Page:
Analysis by Eunice Goes Associate Professor in Politics and Communications at Richmond University and Salvatore Dimaggio, Corporate Advisor, Founder and Head of Meet the Manager.
S.D.: The crisis has revealed that the decision-making processes of the European Union are extremely slow and intricate. With 28 member countries that have very different interests and needs, every action is weighed down by compromise and mediation long and sometimes crippling.
Even the European election campaign is stingy of projects and programs: the European political parties do not deal with issues related to poverty and corruption of the southern countries of the union. De facto in the European political scene there is not a debate on how to deal with these issues.
E.G.: As you say the process of decision-making in the EU is highly problematic. It is opaque, unaccountable and it raises important questions of democratic legitimacy. But complex and questionable processes of decision-making are not the main reason that explains a general disenchantment with the European project. The most fundamental problem has to so with the directions and aims of the European Union. For many, the the European project was a cosmopolitan project based on the values of democracy, solidarity, peace and human rights. But since 2010 it became clear that we were naïf. The only thing that matters is the viability of banks and the financial system. Philip Legrain, who advised the president of the EC, Jose Manuel Durao Barroso, said precisely that last week. The EU decided to sacrifice the people of Southern Europe in order to save a few German banks.in other words, a very badly conceived single currency has been fetishised to the exclusion of everything else.
Southern Europe has problems - and by the way, corruption also exists in Northern Europe - but the way the EU has dealt with the Eurozone crisis has made things worse.
S.D.: You're right. The immorality of this choice is likely to undermine the positive impact that the European Union is able to have. Take for example the case of Poland.
Marcin Piatkowski in "Poland’s New Golden Age Shifting from Europe’s Periphery to Its Center" say that Poland’s income gap with Western Europe today is smaller than it has been at any point since the year 1500.
In 1989, Poland and Ukraine had approximately the same standard of living. Now, Poles are three times richer.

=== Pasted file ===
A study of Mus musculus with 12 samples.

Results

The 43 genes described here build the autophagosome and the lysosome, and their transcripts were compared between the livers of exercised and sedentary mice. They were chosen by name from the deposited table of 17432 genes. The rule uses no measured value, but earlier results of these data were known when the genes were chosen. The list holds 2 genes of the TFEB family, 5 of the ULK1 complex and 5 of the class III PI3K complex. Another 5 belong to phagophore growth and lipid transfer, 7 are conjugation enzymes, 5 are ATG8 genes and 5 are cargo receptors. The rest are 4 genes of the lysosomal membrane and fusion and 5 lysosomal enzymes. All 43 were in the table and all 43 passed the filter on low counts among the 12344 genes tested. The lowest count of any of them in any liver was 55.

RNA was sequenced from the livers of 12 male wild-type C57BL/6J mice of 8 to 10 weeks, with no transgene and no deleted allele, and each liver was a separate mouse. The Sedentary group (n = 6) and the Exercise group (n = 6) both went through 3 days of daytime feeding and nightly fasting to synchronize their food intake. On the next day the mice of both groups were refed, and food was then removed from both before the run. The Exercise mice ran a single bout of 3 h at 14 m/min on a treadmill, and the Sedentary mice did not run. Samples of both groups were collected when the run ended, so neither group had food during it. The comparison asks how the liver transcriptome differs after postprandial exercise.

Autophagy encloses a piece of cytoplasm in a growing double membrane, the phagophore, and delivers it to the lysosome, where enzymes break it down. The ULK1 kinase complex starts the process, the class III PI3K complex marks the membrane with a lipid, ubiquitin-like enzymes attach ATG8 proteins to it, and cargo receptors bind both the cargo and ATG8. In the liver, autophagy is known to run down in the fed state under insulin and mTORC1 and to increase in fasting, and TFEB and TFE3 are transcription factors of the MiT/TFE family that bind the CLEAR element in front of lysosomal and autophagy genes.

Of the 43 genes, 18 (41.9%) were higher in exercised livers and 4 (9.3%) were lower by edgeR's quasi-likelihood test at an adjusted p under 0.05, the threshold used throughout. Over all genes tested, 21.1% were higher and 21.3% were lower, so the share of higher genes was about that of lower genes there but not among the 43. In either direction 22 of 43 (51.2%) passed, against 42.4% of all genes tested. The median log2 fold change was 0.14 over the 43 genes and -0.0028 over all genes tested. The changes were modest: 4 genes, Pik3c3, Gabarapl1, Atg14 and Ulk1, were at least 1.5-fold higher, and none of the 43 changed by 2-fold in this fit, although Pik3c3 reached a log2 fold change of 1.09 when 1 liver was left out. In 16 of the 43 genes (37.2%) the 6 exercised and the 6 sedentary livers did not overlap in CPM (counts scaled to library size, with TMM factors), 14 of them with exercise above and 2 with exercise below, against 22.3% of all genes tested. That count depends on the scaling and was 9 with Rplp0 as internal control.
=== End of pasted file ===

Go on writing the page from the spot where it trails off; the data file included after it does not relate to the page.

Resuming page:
E.G.: Poland is benefiting from being a member of the European single market. Moreover, in 1989 Poland's economic situation was really dire.. More importantly, Poland is not part of the single currency. Let's see if Poland's economic data will be as impressive once they have to comply with the stringency of the Stability and Growth Pact... The Polish government does not seem to be in a hurry to join the euro.
S.D.: Paul Krugman wrote in 1999 that adopting the euro, Italy has been reduced to the status of a Third World nation that has to borrow a foreign currency, with all the damage that this implies.
The euro has many detractors, it is now clear that it is a wrong project, which prevents countries to manage its monetary policy, and this has destructive effects on the countries of the south.
What worries me is that there is not a real debate on this issue: the European authorities automatically defend this state of affairs clearly malicious, and political parties, do not have any serious proposal in this regard.
E.G.: I agree that it is a very sorry state of affairs. It is baffling that Europe just plans to muddle through this crisis without stopping to think about what when wrong and why it went wrong. Shockingly, European social democracy has accepted austerity and offers no alternatives to it...
The single currency was a very badly conceived project. It was advocated by leaders like Mitterrand and Kohl who had very little understanding of economics. It was also project conceived for ideologues of the night watchman state, that is, a minimal state, and who do nut care about democracy.
This is not a project that the citizens of Europe support or desire. The problem is that there is no easy fix. The solutions are either further economic and political integration (and there's little appetite for more Europe) or the implosion of the euro which would have very dramatic consequences across Europe. Another possibility is to radically revise the stability and growth pact and possibly the convergence criteria. But Germany will never support that.